Unless the apartment building you are buying is brand new, there are almost certainly tenants living in the building. As much as you may wish to start with a “clean slate” empty building and craft your community with purpose, you must honor existing leases. However, you may not be obligated to renew leases for existing tenants if you are not happy with the current renters. In most cases, you can simply allow the tenants’ leases to expire. Before you take any action, it is important to speak with a qualified Chicago real estate attorney who has experience with the sale of multi-unit buildings. Tenants’ rights is a complex area of law, and running afoul of it can lead to serious penalties. The laws that apply to renters in your building may vary by municipality and in some cases, the building.
Do’s and Do Not’s for Dealing With Existing Tenants
In many cases, the tenants already residing in the building are perfectly acceptable renters to the new owner. In others, the new owner would like to renovate and would prefer not to keep any holdover tenants. Some helpful tips for dealing with existing tenants are:
- Do not mass evict – Some new owners attempt to clear the building by simply finding a reason to evict everyone. It is generally fairly transparent when this happens and will not likely succeed.
- Do evict for cause – If there are specific tenants who are causing a problem and violating their existing lease, you can proceed with evictions for those specific tenants. For example, if one tenant has caused significant damage to their unit, or smokes indoors and disturbs other tenants, you can likely evict them.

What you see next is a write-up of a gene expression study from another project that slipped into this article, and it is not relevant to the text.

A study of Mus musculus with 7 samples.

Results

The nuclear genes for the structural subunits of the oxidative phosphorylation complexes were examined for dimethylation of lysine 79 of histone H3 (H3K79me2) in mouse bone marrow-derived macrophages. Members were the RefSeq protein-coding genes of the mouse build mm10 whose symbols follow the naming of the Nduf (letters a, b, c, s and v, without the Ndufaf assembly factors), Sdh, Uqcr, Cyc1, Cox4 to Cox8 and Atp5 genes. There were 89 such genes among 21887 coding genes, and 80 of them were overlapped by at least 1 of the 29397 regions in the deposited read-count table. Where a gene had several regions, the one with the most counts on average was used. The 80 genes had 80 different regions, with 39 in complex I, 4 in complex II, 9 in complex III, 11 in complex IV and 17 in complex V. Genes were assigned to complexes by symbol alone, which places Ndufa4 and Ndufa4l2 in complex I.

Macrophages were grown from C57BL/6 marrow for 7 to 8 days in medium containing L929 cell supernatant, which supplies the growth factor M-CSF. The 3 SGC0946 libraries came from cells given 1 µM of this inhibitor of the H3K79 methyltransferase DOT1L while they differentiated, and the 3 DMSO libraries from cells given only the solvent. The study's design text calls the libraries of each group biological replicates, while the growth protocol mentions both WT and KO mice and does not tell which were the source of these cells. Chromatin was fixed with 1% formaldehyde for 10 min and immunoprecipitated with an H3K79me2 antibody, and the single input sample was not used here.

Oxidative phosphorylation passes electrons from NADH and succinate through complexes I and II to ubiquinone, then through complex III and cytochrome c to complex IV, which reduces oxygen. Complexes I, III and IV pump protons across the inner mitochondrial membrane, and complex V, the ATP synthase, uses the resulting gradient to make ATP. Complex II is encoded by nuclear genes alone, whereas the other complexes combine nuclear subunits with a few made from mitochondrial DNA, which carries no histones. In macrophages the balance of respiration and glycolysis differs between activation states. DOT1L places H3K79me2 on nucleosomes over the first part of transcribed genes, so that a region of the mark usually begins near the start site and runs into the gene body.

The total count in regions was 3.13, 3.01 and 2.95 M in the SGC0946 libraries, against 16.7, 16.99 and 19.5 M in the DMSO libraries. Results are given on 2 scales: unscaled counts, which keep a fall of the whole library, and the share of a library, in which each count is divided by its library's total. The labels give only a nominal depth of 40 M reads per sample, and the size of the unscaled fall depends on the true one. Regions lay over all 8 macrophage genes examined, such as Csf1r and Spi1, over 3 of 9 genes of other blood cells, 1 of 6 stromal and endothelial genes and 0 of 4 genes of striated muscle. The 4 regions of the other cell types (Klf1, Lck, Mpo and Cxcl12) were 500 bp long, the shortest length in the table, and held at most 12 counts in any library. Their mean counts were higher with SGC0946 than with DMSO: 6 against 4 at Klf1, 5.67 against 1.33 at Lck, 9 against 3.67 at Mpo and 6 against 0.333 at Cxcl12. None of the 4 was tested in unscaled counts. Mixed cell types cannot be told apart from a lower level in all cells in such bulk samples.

- Do not use “self-help” – Do not attempt to give your tenants a reason to move out on your own. Actions designed to disrupt tenant’s peaceful enjoyment or make the housing units too uncomfortable to live in, such as turning the heat up to an unreasonable temperature or failing to make needed repairs, will not be regarded kindly in court.
- Do consider existing tenants – You may find that the people already living in the building are the kind of people you want to rent to. When each tenant’s lease is up, consider whether you would like them to remain. Note that many tenants will leave on their own when the rent is raised.
Contact a Chicago, IL, Real Estate Lawyer
[[title]] is experienced in working with people who are seeking to buy multi-unit buildings. Our skilled Cook County, IL, real estate attorneys will guide you through the entire process, from finding the right building to dealing with existing tenants. Contact us at [[phone]] for a complimentary consultation.